Reflection on Church & Peace

Birmingham Quaker Pete Doubtfire reflects on attending a Church & Peace conference on behalf of Central England Quakers Peace Committee.

In May 2019, I attended the AGM and 70th Anniversary Celebration of Church & Peace, in Berlin. Church & Peace is a European ecumenical network of organisations committed to peace and grounded in Christian faith.

The conference began with an opportunity for people to share what was happening in their organisation or region. Those represented at the conference ranged from a contemplative order of nuns engaged in reconciliation work, to a group of French Quakers and others opposing the Eurosatory arms fair, via people working with marginalised groups in their communities, and those who lobby national governments and the EU on peace issues.

Saturday opened with the business part of the AGM, covering membership matters, finance and reports. At the end of the conference some people complained that giving over the whole morning of a weekend conference to this was too much – to which one attendee responded ‘if you think that took a long time, you’ve obviously never been in a Quaker business meeting’!

Having been staying in a leafy suburb of Berlin, on Saturday afternoon we decamped to a church in a more deprived area of the city. The Refo church is attempting to respond to local needs, including the lack of affordable housing and social divisions, by creating a community where people can live out their faith. Some church-members live on site, and others in their own homes, but everyone gets stuck in, with no formal priest or minister. They are flexible with their worship, having prayer meetings at different times of the week in community venues, and holding festivals and events in partnership with marginalised groups. Some food-for-thought for Quakers as we consider power and privilege.

The Refo church played host to Church & Peace’s 70 anniversary celebrations, with past and present members recalling key moments from the organisation’s history, followed by some platitudes from various dignitaries. Finally we looked to the future, with 6 speakers giving a brief introduction to peace work that we could learn from, covering climate justice, community work, creative activism, anti-nuclear campaigning and human rights. These final speakers had to give their presentations in a ‘PechaKucha’ style, showing 20 images and speaking to each image for just 20 seconds. This approach produced mixed results, but for the speakers who realised it meant cutting their presentation down to 20 key-points, it was very effective. Some people felt that giving the same restriction to the visiting dignitaries might have kept the event more to time!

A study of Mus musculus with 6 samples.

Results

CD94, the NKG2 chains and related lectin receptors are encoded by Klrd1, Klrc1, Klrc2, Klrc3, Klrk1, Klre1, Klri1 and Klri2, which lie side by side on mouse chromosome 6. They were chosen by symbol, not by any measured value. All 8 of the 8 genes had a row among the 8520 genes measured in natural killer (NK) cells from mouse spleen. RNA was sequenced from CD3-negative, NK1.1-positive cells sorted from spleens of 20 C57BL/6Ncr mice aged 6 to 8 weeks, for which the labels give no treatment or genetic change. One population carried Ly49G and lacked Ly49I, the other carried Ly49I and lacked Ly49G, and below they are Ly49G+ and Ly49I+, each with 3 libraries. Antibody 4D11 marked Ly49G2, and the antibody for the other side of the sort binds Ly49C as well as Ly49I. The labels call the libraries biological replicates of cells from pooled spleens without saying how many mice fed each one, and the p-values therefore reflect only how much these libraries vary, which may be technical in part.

On the final morning we had an opportunity to chose a workshop with one of the 6 PechaKucha speakers to hear about their project in more detail, and report back what Church & Peace might take away. We really valued maintaining a grounding in faith, even when reaching out. Throughout the weekend we shared ecumenical, multi-lingual worship, including lots of singing. Something else that stood out was a desire for more opportunities for encounter and creative sharing. So often, the most important part of conferences is the conversations and connections made over meals or cups of coffee. Again, something for Quakers to reflect on when organising our own events.

Before leaving Berlin, several of us went to join the ‘One Europe for Everyone’ demonstration (pictured above) in support of equality and inclusion, particularly in the context of the EU elections. It felt positive to round off the weekend with a display of solidarity across borders, languages and faiths. That, after all, is what Church & Peace is all about.